Women’s badminton has long been a source of frustration for Indonesia.
Ever since Susi Susanti — a 1992 Olympic gold medalist, five-time world champion and four-time All England winner — retired in 1997 after marrying fellow badminton legend Alan Budikusuma, no Indonesian women’s shuttler has managed to fill her shoes.
Mia Audina briefly took Susi’s mantle, winning silver at the 1996 Olympics. However, she switched nationality after marrying Dutch gospel singer Tylio Lobman in March 1999. With the biennial world women’s team championship, the Uber Cup, drawing ever closer, memories of those two continue to haunt the Indonesian national team. Its last Uber Cup titles came in 1994 and 1996, when Susi and Mia were still in the squad.
Since then, Indonesia’s best showings have been runner-up finishes in 1998, 2000 and 2008, with China winning every title since 1998.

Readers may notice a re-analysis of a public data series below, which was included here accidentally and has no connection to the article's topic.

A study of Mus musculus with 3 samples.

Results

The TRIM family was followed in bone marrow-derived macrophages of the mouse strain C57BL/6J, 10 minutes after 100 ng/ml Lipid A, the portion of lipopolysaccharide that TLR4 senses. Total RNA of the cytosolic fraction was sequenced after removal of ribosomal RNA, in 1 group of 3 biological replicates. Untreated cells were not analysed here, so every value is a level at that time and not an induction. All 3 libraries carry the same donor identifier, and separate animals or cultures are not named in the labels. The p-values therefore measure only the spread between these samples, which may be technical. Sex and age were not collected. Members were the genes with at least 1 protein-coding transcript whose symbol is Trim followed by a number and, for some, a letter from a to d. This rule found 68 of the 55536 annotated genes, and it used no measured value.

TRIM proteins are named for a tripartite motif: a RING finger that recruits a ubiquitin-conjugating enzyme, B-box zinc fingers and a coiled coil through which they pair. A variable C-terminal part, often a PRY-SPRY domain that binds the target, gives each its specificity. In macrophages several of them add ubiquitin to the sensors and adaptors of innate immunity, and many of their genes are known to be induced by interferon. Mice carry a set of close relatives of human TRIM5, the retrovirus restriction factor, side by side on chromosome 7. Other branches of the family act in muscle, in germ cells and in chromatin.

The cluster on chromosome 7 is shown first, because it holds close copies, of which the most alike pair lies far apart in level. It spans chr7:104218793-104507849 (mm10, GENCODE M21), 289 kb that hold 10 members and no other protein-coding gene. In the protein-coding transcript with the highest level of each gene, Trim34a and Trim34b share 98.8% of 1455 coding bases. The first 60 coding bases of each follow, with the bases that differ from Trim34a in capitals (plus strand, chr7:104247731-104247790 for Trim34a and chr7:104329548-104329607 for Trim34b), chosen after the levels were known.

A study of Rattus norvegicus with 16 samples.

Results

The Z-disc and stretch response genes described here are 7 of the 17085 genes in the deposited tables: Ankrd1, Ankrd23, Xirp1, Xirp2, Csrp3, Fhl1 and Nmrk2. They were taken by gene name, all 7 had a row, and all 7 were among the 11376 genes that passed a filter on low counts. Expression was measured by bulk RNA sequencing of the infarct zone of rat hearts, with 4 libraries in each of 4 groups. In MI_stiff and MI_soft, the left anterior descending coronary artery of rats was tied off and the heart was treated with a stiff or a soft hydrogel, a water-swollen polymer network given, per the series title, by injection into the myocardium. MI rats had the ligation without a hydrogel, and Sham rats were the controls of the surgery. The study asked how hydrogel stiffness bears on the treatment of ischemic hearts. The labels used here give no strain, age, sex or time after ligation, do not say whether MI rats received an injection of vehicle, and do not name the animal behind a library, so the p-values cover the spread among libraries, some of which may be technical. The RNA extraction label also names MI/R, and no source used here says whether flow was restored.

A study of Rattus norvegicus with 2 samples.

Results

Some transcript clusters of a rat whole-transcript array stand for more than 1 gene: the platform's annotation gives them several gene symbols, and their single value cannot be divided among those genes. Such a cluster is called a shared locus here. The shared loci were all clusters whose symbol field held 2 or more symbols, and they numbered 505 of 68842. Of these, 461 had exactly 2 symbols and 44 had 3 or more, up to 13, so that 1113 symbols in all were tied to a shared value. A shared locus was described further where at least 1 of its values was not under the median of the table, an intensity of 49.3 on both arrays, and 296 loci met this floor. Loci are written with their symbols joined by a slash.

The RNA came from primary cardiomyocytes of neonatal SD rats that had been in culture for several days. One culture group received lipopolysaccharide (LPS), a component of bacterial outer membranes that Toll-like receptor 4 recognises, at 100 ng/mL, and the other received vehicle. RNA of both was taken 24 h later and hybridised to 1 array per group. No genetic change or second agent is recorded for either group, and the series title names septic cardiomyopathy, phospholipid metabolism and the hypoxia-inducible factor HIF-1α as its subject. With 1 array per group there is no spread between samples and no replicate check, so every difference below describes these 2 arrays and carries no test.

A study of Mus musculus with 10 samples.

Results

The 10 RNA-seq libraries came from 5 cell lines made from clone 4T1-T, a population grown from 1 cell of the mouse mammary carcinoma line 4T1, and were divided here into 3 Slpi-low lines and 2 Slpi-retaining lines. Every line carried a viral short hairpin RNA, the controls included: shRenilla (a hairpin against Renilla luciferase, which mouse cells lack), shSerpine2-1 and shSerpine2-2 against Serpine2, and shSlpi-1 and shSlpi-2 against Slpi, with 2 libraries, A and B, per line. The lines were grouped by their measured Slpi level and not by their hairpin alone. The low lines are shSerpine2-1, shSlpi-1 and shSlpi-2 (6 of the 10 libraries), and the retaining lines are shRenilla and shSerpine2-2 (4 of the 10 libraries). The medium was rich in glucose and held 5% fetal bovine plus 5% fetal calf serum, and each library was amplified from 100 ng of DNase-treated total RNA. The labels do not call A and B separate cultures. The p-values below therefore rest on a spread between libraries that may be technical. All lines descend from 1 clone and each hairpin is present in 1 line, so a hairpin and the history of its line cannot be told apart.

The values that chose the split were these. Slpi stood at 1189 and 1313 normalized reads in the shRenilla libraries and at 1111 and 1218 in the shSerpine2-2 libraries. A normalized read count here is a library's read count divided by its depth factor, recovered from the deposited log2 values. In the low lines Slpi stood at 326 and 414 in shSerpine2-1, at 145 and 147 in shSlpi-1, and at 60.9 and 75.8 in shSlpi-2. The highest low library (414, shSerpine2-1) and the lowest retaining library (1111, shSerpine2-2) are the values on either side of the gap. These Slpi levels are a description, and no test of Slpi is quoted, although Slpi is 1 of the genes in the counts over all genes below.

“Playing experience, especially in international tournaments, is the most important thing in improving shuttlers. Sadly, our women shuttlers have been lacking that since the early 2000s,” national team head coach Christian Hadinata said. “We still don’t have outstanding shuttlers in world-class competition, but we’re working hard on that.”
Part of the reason for the country’s lagging behind other nations, he said, was a lack of funding from the Indonesian Badminton Association (PBSI).
China and Malaysia are absent from the Asian qualifying tournament in Thailand on Feb. 21-28. China, the defending champion, and host Malaysia advanced directly to the finals, which take place May 9-16 in Kuala Lumpur.
Indonesia faces nine other Asian countries in the race for three Uber Cup berths. The fourth-place team can qualify if its world ranking is better than the fourth-best team from European qualifying.
Hong Kong, India, Japan and South Korea pose the toughest tests as they all have players in the world top 20. Indonesia’s best singles shuttler is Adrianti Firdasari at No. 22, while its best doubles pair is ninth-ranked Greysia Polii and Nitya Krishinda Maheswari.
“We’ve urged them to give their all if they don’t want to repeat 2006, when Indonesia failed to qualify for the Uber Cup for the first time ever,” women’s singles coach Marleve Mainaky said. -JG.